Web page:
Knows self, and handles their own anxiety: Leaders know where their buttons are, and know how to manage their own anxiety; they recognize that anxiety serves little purpose in moving a congregation forward, and instead can lessen that anxiety and help the congregation focus on the issues involved, rather than the anxiety and fear that uncertainty can create; they are comfortable in and with ambiguity
Anxiety kills. We know that — the stress that is a byproduct of anxiety has caused bodies to wear out early, increase incidents of heart attacks, and other medical issues. It makes it harder for us to fight off illness and injury, and makes us more prone to being worn down and worn away by pathogens.
The same is true for congregations. A congregation has an “immune system” of its policies, procedures, behavioral covenants, and the common sense and trust that people have with their lay and professional leaders. When the congregation is at its best, it can weather almost anything with relative ease and confidence, using its tools of best practices, sturdy relationships, and collective wisdom.
But when anxiety, and its partner distrust, enter into a system, it’s as if you’re putting kryptonite up against the strongest thing you have — the good will and trusting relationships that are the hallmark of healthy congregations. When we’re anxious, we ramp up the emotional field of the congregation. It robs us of our sense of perspective, and the ability to get up on the balcony and take a larger view of the current situation. Anxiety increases the stress level of the congregation, its leaders and staff exponentially.
When this happens, we lose perspective. We mistake the urgent for the important, we get brought into (driven into?) overreaction and hypervigilance and hypercritical states. It frazzles the covenant that holds a congregation together.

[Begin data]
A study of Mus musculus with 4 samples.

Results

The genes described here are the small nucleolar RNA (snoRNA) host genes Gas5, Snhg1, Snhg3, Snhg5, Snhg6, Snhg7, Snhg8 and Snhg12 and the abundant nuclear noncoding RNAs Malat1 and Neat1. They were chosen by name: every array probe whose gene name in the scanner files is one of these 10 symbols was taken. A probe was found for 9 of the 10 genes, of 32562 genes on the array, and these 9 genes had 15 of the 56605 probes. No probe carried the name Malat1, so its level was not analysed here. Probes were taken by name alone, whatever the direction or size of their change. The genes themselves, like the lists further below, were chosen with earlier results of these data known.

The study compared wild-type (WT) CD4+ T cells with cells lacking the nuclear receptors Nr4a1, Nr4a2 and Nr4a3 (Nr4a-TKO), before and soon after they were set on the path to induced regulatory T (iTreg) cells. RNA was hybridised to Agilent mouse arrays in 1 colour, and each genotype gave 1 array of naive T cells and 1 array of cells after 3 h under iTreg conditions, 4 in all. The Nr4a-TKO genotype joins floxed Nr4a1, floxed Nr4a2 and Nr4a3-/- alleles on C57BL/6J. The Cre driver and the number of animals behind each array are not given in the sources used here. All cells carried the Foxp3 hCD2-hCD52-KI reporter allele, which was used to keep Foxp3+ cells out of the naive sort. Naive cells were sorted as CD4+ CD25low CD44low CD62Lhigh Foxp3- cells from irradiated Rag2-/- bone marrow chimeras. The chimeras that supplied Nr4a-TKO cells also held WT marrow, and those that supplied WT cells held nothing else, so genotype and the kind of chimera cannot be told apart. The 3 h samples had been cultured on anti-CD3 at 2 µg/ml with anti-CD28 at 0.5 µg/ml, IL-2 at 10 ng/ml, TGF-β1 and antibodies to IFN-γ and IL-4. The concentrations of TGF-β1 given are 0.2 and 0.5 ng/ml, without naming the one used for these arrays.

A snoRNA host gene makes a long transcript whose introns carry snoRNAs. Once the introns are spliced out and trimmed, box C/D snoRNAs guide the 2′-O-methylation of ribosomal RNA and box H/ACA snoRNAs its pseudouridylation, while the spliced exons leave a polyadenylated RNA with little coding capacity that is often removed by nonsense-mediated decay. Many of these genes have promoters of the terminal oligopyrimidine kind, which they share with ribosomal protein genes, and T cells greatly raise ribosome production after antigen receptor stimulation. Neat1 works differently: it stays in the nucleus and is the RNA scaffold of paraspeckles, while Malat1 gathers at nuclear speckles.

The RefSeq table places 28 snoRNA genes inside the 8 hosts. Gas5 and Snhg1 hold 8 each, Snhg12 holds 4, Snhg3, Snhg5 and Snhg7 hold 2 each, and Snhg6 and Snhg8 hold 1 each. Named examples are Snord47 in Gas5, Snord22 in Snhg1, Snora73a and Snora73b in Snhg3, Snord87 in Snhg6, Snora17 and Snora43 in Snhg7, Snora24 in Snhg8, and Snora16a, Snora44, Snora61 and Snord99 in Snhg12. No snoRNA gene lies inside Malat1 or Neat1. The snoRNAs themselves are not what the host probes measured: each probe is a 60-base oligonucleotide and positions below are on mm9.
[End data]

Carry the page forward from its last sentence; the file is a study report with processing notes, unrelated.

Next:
So what leaders need to do is understand their own anxious responses, and learn how to bypass those initial responses and help a congregation regain its footing. By not responding with anxiety, it lowers the temperature in the congregation, and it restores perspective. It can help turn the molehill-turned-mountain back into the molehill it truly is. It helps a congregation discern the difference between something truly important and urgent from those things that try to grab our attention, but are best left alone.
The New Leader is someone who knows their own triggers, understands their anxiety buttons, and has figured out a way to regulate these responses. With coaching, confidants, and perspective, they are better able to find the partners who can help restore health to a congregation system while still addressing important and crucial elements.
One of the best resources that I can recommend, and do frequently to congregational boards and leaders is by Peter Steinke, Congregational Leadership in Anxious Times: Being Calm and Courageous No Matter What. It should be mandatory reading for all new Board members, and each year the Board and staff should revisit its wisdom. Anxiety kills, and we want to make sure your congregation is not a casualty.